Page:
When a central banker talks about an issue, it has for all intents and purposes hit the mainstream. This week, the Bank of England’s chief economist Andy Haldane began to talk about the need to shift from a shareholder to stakeholder model of governance, even floating the idea that it might require further legislation.
Haldane, the much quoted and highly respected lead economics expert at the Bank, was speaking at an event hosted by Bloomberg when he made his comments—entering a debate that has been rumbling on in governance circles for some time.
In remarks that have been reported widely, Haldane said it was time for a “refresh” of the capitalist model and that legislative change should not be ruled out. He reflected on the Companies Act 2006, which give shareholders priority, but suggested it might be time to ”rethink”that piece of law.
Haldane is quoted by the Press Association as saying: “Should there be a case for a broader sense of what companies were put on earth to do, that move beyond this singular shareholder perspective to the plural stakeholder perspective.
“A way to greater extend the views of customers, creditors, clients, of workers.”
Though Haldane is a respected figure, and may have wide support, the absence of any notion of reforming the Companies Act in the Conservative Party’s manifesto for the December General Election suggests it may be low down the priorities for the current government. In its scant comment on governance, the party focused on executive pay and reform of audit. This was in stark contrast to Theresa May, who pledged wide-ranging governance reforms as part of her bid to become party leader back in 2016.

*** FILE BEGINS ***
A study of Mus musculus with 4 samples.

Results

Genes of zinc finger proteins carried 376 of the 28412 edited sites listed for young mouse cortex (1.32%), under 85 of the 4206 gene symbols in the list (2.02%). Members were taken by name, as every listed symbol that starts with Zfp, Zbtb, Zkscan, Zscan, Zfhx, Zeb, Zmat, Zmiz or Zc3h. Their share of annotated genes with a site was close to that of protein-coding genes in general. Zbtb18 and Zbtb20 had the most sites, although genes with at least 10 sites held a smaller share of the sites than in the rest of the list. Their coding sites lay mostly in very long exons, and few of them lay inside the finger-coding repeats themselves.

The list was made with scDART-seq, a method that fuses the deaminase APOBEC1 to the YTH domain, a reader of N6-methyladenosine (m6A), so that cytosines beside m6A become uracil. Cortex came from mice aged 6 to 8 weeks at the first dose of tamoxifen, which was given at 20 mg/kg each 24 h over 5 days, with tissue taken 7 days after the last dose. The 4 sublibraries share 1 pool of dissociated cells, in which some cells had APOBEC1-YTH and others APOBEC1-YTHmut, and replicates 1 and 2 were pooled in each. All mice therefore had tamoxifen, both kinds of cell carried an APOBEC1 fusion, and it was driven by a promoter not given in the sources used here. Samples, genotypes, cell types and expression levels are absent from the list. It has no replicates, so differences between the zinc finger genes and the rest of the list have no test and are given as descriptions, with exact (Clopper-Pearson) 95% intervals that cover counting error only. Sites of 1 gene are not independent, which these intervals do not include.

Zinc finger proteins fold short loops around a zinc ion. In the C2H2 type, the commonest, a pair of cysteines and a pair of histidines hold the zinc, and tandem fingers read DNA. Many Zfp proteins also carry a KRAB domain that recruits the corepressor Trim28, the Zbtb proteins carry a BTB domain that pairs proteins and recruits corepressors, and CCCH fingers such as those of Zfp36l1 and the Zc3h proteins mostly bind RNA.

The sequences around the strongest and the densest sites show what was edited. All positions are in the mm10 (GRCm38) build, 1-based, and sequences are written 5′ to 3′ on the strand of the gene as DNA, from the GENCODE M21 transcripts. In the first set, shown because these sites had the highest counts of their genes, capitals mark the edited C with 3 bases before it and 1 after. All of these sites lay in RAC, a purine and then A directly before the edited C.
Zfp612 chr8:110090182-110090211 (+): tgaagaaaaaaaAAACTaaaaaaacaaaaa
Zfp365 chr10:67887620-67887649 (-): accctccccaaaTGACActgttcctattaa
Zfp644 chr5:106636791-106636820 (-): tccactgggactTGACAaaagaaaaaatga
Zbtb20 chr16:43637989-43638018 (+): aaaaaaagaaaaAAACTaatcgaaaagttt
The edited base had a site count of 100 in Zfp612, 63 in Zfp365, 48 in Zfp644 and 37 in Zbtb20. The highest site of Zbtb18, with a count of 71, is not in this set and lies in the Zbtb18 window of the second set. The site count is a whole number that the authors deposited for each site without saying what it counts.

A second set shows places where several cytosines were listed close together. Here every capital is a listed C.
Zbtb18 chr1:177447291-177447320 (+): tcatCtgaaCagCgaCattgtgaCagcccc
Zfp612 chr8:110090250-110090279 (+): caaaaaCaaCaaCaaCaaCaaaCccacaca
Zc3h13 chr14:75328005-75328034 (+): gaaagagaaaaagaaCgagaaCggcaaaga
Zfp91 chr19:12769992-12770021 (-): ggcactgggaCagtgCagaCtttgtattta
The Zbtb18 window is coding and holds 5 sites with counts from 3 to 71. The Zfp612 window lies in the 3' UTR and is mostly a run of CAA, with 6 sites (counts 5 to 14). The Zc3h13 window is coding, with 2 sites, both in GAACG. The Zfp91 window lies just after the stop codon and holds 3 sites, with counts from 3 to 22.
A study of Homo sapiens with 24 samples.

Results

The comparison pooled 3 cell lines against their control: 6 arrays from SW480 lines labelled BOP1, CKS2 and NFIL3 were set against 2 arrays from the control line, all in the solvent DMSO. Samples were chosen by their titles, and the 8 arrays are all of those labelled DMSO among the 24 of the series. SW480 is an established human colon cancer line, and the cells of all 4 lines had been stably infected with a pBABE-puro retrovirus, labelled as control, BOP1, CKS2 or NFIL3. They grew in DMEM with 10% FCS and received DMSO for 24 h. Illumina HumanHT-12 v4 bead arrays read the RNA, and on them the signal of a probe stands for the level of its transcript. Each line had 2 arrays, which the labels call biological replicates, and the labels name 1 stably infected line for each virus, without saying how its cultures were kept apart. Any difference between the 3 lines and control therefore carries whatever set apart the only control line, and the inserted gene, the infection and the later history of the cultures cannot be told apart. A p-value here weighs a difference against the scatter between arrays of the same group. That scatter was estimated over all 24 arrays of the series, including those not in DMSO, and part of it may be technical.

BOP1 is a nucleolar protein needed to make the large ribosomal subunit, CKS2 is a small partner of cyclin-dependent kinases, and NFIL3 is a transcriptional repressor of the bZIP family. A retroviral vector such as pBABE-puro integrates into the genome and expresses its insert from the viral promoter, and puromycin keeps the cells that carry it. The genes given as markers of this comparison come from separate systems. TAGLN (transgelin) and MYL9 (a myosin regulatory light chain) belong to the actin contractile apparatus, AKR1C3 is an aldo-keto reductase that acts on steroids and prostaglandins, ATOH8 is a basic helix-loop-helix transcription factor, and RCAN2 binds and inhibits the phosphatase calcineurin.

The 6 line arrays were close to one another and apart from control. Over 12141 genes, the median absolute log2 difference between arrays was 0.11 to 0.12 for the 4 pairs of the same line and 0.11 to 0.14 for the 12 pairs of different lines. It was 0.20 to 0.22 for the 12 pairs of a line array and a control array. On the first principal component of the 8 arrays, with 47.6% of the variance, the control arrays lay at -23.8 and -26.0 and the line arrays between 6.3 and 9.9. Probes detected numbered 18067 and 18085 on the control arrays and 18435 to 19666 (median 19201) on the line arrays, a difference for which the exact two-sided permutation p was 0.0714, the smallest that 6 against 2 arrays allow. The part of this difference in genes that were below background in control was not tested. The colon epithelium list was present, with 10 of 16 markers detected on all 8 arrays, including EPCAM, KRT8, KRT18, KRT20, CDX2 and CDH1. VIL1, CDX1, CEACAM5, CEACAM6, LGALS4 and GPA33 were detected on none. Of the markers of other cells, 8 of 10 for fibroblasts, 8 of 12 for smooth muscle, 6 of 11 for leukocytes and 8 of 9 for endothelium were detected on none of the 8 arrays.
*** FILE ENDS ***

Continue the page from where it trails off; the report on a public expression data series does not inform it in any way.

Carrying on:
However, the other parties did make an effort to consider reforming governance. Labour proposed amendments to company law that would include an explicit duty of care to “not only shareholders, but to employees, customers, the environment and the wider public”. The party worried that shareholders seek “quick short-term returns”.
The Liberal Democrats also pledged legislative change which would have companies under an obligation to publish a “statement of corporate purpose which would include information about “employee welfare, environmental standards, community benefit and ethical practice”.
With the Lib Dems and Labour failing to win a mandate, that seemed to be the end of thoughts of reforming the law to change governance. However, Haldane’s recent comment follows academic attempts to keep the discussion running.
The shift from shareholder to stakeholder was also a headline maker last year when the Business Roundtable, a club for executives from some of the most high-profile companies in the US, pledged to work for “stakeholders”.
And when global media relations company Edelman published its annual Trust Barometer report last month, it revealed that 53% of the British public believe capitalism does more harm than good, while 93% said that stakeholders were the “most important to long-term company success”. Just 7% named shareholders as the most important.
Reform of legislation to benefit stakeholders may not come soon. But influential voices like Haldane’s could keep the idea alive. It’s clearly a thought doing the rounds in the Bank of England. However, the Bank has a new governor from next month. With a personnel change may come a change in thinking. If legal reform does come, it may be as a direct result of public opinion.